This past week, my husband invited me to accompany him to an architecture installation. It was titled “Architecture of Bees”. They had me with that title. So we walked into this small gallery which had a mixture of scientific facts about bees and their hives while also displaying structures which have been built with hexagonal shapes, similar to a bee hive. Some examples were:
This was the portion that Nick was most interested in, since he is an architect, but I gravitated a bit more to the science posters. Some of the boards discussed the interesting fact that bees always maintain a hive temperature of 93-97° Fahrenheit no matter the temperature outside the hive. When it is cold outside, many bees form a barrier with their bodies while a handful of bees stay inside and contract their flight muscles, raising their body temperature. Other bees remain inside the barrier flapping their wings to circulate the heat evenly throughout the entire area.
When it is hot outside, the bees will also flap their wings to circulate air throughout the hive. If this is not enough to cool the hive, they practice evaporative cooling. Some bees fan the air with their wings while others drop water into the hive. The air passes through the water and cool humid air circulates throughout the hive.
Looking at the way we have learned from nature and incorporate ideas like hexagons into our structures as well, it got me thinking about other ways that we can learn from nature and incorporate it into our lives. While talking with my friend Mallory at lunch, she reminded me that the Church already does this. She reminded me that at the beginning of this season of Easter, a portion of the Exsultet mentions bees as we use their wax to make our Paschal Candle for the year:
The sanctifying power of this night
dispels wickedness, washes faults away,
restores innocence to the fallen, and joy to mourners,
drives out hatred, fosters concord, and brings down the mighty.
On this, your night of grace, O holy Father,
accept this candle, a solemn offering,
the work of bees and of your servants’ hands,
an evening sacrifice of praise,
this gift from your most holy Church.
But now we know the praises of this pillar,
which glowing fire ignites for God's honor,
a fire into many flames divided,
yet never dimmed by sharing of its light,
for it is fed by melting wax,
drawn out by mother bees
to build a torch so precious.
As the Church begins this new season each year, it begins by reminding us of our connectedness with nature. While celebrating the Easter Vigil in 2012, during his homily, Pope Benedict XVI had this to say on the text:
“The great hymn of the Exsultet, which the deacon sings at the beginning of the Easter liturgy, points us quite gently towards a further aspect. It reminds us that this object, the candle, has its origin in the work of bees. So the whole of creation plays its part. In the candle, creation becomes a bearer of light. But in the mind of the Fathers, the candle also in some sense contains a silent reference to the Church. The cooperation of the living community of believers in the Church in some way resembles the activity of bees. It builds up the community of light. So the candle serves as a summons to us to become involved in the community of the Church, whose raison d'être is to let the light of Christ shine upon the world.”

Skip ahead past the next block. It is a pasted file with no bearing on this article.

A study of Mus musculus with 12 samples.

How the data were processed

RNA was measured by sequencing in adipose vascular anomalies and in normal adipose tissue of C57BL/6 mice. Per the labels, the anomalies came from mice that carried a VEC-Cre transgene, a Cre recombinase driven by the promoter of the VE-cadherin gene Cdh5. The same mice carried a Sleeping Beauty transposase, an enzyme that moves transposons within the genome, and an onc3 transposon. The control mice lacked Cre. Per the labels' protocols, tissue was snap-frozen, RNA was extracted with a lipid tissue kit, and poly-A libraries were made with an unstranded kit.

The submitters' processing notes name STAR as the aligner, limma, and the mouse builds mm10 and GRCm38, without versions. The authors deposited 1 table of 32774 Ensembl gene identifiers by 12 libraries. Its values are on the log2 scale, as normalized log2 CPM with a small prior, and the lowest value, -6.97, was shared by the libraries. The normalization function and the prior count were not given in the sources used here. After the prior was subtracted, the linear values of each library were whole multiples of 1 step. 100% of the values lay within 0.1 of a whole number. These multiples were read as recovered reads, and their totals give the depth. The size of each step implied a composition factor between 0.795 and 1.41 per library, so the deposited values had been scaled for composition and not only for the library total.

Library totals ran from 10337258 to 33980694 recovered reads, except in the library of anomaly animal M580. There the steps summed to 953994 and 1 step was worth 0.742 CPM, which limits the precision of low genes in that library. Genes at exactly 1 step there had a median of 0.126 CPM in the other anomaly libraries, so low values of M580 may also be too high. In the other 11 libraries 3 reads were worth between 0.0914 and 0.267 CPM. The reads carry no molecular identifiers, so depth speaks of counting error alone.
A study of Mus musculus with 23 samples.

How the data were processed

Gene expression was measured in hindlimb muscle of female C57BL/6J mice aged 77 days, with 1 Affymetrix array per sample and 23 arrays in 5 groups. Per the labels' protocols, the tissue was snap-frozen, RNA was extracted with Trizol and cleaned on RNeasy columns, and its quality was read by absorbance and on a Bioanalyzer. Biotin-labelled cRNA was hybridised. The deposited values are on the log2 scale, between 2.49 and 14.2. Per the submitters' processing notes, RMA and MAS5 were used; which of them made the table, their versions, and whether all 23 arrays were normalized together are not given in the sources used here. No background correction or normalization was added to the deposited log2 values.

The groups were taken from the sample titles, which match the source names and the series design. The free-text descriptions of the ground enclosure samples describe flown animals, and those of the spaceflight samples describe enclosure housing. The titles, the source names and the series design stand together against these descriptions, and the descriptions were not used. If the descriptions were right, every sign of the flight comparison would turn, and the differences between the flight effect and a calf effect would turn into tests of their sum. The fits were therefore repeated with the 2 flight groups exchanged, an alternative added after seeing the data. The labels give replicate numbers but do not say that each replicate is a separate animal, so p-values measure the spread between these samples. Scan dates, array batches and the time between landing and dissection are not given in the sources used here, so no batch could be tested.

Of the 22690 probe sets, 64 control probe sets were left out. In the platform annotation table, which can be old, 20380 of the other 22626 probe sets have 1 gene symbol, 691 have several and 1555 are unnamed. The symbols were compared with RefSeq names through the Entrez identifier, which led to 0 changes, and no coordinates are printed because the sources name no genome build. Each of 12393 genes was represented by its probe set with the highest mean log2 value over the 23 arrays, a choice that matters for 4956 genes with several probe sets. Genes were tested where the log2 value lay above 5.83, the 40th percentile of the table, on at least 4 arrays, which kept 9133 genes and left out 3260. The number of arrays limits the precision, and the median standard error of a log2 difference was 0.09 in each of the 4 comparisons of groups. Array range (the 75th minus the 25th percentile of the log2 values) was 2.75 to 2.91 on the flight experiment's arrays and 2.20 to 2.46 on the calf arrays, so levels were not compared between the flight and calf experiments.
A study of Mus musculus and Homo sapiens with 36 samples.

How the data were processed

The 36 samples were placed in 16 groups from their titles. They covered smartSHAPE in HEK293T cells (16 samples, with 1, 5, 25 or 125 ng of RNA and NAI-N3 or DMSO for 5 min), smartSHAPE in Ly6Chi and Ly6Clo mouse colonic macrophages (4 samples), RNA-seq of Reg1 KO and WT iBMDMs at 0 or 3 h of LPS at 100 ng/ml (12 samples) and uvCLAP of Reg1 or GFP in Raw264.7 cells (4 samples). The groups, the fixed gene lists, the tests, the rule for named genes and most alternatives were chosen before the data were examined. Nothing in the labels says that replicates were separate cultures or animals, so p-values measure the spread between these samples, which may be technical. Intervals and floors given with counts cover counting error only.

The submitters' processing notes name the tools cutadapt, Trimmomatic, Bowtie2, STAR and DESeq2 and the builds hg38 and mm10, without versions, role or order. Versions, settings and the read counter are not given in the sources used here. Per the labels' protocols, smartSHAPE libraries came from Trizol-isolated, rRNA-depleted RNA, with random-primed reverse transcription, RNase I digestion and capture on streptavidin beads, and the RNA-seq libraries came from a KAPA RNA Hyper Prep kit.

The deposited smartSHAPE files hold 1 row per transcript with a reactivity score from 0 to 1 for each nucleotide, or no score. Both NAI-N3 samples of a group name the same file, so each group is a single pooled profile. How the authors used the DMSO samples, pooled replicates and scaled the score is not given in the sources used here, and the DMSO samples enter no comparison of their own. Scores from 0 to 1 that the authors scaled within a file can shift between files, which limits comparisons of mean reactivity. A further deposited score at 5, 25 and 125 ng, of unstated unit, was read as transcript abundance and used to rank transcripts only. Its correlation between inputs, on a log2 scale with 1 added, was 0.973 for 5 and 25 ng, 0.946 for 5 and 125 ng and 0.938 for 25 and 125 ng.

As the bees each individually played their role in creating the wax, so too all of us must play our roles in the “living community of believers”. Earlier I spoke of the bees heating the hive. If all of the bees chose to be on the barrier, none would do the heating. If all of the bees did the heating, none would be keeping the heat in the hive. Neither example successfully heats the hive, and all bees would suffer. All of us have our roles in the church. Some of us will be leaders. Others will be in the crowd. Both are vital. Some of us may be called to be lectors or join a choir. Maybe we are called to be a smiling, welcoming face at coffee and donuts.
We must listen to where God is calling us to serve right now. Sometimes that role changes. A lot of things are changing in my life and my current role feels uncertain, but Mallory has been a great example for me of listening to where God needs us at this moment. Last year Mallory was called to serve as the president of our St. Anne’s Society (mothers of young children group). She did a great job, then at our meeting last week she stepped down and our next year’s board took over. In talking with her I was reminded of the humility it takes to answer a call to lead and the humility it also takes to step down. Our roles change, but if we listen to God, we can play the role that the Church needs from us right now.
As we close out the Easter season, this time of joy and celebration, I invite you to spend some time in prayer asking what your role is in God’s church. What is needed of you right now? Are you called to do more, to step up into a leadership position? Are you being asked to step down and let others take the lead? Are you simply needed to be present, to shine with the joy of Christ to all who see you? The architecture shown earlier that was inspired by nature is beautiful. I think a church inspired by the unity and teamwork of bees in nature can be even more beautiful.